LBDA

Brenda's Story

Amber Arwine
Monday, July 10, 2017

             My mother is the most amazing mother anyone could ask for. One characteristic that really stood out about my mom was her artistic side. She could draw anything that she saw, whether it was an idea in her mind, or a picture from a magazine. She loved to sketch animals as well. When I was packing her things to move her to her assisted living home, I came across all her sketches in her sketch pads. My favorite piece was the sketch she did of Simba and Nala from Disney’s The Lion King. I remember when I was a kid, I wanted to have a playhouse in my backyard, so my dad built me one. My mom wanted to decorate it, so she took my looney tunes coloring book and sketched and painted pictures of Daffy Duck, Bugs Bunny, Sylvester the Cat, and Tweety Bird on the outside of my playhouse. I would definitely say that this was one of the greatest traits I have gained from my mother. Whenever I am stressed, or bored, I will take a blank sheet of paper and sketch whatever comes to my mind.

When I was in high school, everything started to change. I started to notice something was different about my mom. She started repeating herself a lot, and would become very forgetful. Her personality started to change as well. I could tell things started to get worse when she could not manage her finances, and her driving worsened as well. When I asked my mom if everything was alright, she would always respond yes, and say that there was nothing wrong with her. Things also started to change when I moved to Oakland University to begin the next chapter in my life.

My mom would call me at least three to four times a week just to check in and see how things were going, and then the calls suddenly stopped. My family started to worry about the changes they saw in my mom as well. As a family, we decided to express our observations and concerns to my grandpa. At first, my grandpa was in denial, and said my mom was fine and that there wasn’t anything wrong with her. Then, my grandpa started to pick up on the same observations as well, and decided to schedule an appointment with the neurologist to see what could be wrong with my mother.

After lots of testing, the neurologist broke the news that my mother had been diagnosed with progressive Lewy dodies dementia. This really broke my heart when I heard the diagnosis because I instantly thought what does this mean for my mom’s future? And could this mean that I am never going to have my “old” mother back? This was the hardest thing I have had to experience thus far, and with my mom’s diagnosis, I had to put “my big girl panties on” and be there for my mom as much as she was there for me.

In recent months my mom's diagnosis has went from mild to moderate/severe Lewie Bodies Dementia. Unfortunately, she does not have full conversations with people anymore. On most days she constantly does laps around her floor, without stopping, and if you try to call her name, or say mom, she very rarely will respond to you. She can no longer take care of herself, and she has been living on the memory care floor at a senior living facility for just over a year. The staff makes sure that she is happy, and her needs are met daily.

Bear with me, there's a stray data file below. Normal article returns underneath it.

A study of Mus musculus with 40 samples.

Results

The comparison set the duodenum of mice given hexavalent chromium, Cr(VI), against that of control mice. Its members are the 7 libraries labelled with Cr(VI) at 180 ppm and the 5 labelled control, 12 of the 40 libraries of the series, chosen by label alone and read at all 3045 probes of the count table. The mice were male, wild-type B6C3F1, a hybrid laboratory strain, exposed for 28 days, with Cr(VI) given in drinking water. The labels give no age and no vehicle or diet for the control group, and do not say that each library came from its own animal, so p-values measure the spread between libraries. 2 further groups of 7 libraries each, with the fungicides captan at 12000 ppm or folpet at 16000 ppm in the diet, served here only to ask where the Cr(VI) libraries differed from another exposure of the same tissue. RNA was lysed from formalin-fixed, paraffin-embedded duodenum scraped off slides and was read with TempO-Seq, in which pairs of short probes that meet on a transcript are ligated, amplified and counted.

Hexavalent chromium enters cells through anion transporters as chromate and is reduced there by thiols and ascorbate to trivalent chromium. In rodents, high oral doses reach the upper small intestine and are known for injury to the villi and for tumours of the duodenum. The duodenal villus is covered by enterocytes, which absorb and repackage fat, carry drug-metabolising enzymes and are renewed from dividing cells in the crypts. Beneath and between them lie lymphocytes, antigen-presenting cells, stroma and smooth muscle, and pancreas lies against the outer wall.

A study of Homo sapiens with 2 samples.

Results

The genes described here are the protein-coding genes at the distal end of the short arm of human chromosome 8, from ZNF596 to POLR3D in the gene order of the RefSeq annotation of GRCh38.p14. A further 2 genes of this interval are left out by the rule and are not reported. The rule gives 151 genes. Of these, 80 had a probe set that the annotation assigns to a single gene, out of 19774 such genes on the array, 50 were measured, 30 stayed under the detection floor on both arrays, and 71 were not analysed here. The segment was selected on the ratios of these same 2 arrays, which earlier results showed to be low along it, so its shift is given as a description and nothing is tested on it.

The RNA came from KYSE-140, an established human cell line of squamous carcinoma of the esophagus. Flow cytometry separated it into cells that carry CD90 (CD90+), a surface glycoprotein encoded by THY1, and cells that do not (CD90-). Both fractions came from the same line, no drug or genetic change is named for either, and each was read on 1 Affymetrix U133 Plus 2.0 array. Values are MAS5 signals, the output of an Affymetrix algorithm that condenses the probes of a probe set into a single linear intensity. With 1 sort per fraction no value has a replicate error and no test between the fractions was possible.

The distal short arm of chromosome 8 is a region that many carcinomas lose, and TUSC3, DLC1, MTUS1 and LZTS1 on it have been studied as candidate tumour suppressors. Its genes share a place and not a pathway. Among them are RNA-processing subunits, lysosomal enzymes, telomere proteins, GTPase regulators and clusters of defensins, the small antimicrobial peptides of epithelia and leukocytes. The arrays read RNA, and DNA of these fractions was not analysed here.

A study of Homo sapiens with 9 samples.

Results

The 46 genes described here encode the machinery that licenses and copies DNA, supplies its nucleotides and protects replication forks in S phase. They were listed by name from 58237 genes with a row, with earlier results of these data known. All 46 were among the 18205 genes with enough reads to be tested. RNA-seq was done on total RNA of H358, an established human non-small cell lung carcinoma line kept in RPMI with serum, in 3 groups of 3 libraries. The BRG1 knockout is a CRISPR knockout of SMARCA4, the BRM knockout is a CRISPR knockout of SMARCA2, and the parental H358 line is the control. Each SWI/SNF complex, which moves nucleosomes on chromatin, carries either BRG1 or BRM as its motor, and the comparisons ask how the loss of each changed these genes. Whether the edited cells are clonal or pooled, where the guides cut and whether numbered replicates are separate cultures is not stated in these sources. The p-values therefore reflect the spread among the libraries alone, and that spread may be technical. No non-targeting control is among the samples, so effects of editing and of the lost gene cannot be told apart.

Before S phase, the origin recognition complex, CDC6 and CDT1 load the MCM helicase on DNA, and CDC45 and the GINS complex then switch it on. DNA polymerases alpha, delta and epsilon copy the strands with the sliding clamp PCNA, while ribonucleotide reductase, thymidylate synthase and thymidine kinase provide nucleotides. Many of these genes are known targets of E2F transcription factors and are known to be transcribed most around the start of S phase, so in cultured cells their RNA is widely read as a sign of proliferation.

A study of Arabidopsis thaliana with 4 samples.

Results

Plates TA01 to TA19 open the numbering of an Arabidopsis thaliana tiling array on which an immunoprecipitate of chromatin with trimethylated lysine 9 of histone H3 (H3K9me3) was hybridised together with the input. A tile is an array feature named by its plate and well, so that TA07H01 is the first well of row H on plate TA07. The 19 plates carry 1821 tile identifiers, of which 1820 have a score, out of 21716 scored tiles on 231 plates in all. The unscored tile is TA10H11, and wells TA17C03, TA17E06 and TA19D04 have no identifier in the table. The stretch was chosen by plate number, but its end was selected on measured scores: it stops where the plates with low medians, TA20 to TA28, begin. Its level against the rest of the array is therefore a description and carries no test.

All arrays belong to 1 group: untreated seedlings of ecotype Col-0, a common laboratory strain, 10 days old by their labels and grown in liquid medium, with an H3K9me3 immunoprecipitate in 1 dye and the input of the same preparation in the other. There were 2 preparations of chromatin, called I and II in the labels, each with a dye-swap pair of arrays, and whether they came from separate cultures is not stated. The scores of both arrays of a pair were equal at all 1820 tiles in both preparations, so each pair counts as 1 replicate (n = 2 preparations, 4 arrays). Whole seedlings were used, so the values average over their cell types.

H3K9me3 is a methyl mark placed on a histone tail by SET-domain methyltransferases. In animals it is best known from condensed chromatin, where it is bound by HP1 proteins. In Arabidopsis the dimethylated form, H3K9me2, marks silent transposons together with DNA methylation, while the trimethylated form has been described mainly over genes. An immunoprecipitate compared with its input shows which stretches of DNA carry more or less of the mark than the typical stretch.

Living with someone who has dementia feels like you are on a never-ending rollercoaster. You have your good days, where your loved one is in a great mood and shares cherished memories with you, and you have your bad moments as well. An example of a bad day would be asking the person to complete a certain task, and they get frustrated and yell at you because they cannot remember how to complete that particular task. This can lead to several shouting arguments, and shouting is the number one thing you want to avoid with a person who has this mental illness. There are days where I think about the good times my mom and I had before she was diagnosed with dementia, and how I would do anything to have my “old” mom back. I would also think about the possibility that my mom may not be mentally stable by my wedding day, which is why it is important I spend as much time as I can with her as possible.

Being a caregiver to someone with dementia can physically, financially, and psychologically impact your life. You always want to make sure that the person’s needs are met, and show the person that you are there to help them whenever they need it. You want to be patient with the person, and be their greatest support system throughout their hardships. To this day, I could not have conquered this long, difficult journey alone without the amazing support system in my life: my friends, family, co-workers, fiancé, and my best friend Nikki.

If I had to pass along advice to someone who is in the same shoes as me, there are a couple of things I would tell that person. First, always keep your patience. Second, make sure you have a strong support system in your life. They will always be there for you whenever you need someone to talk to. Lastly, make sure to show the person with dementia that you care about them and will always be there for them, especially if this pertains to a family member.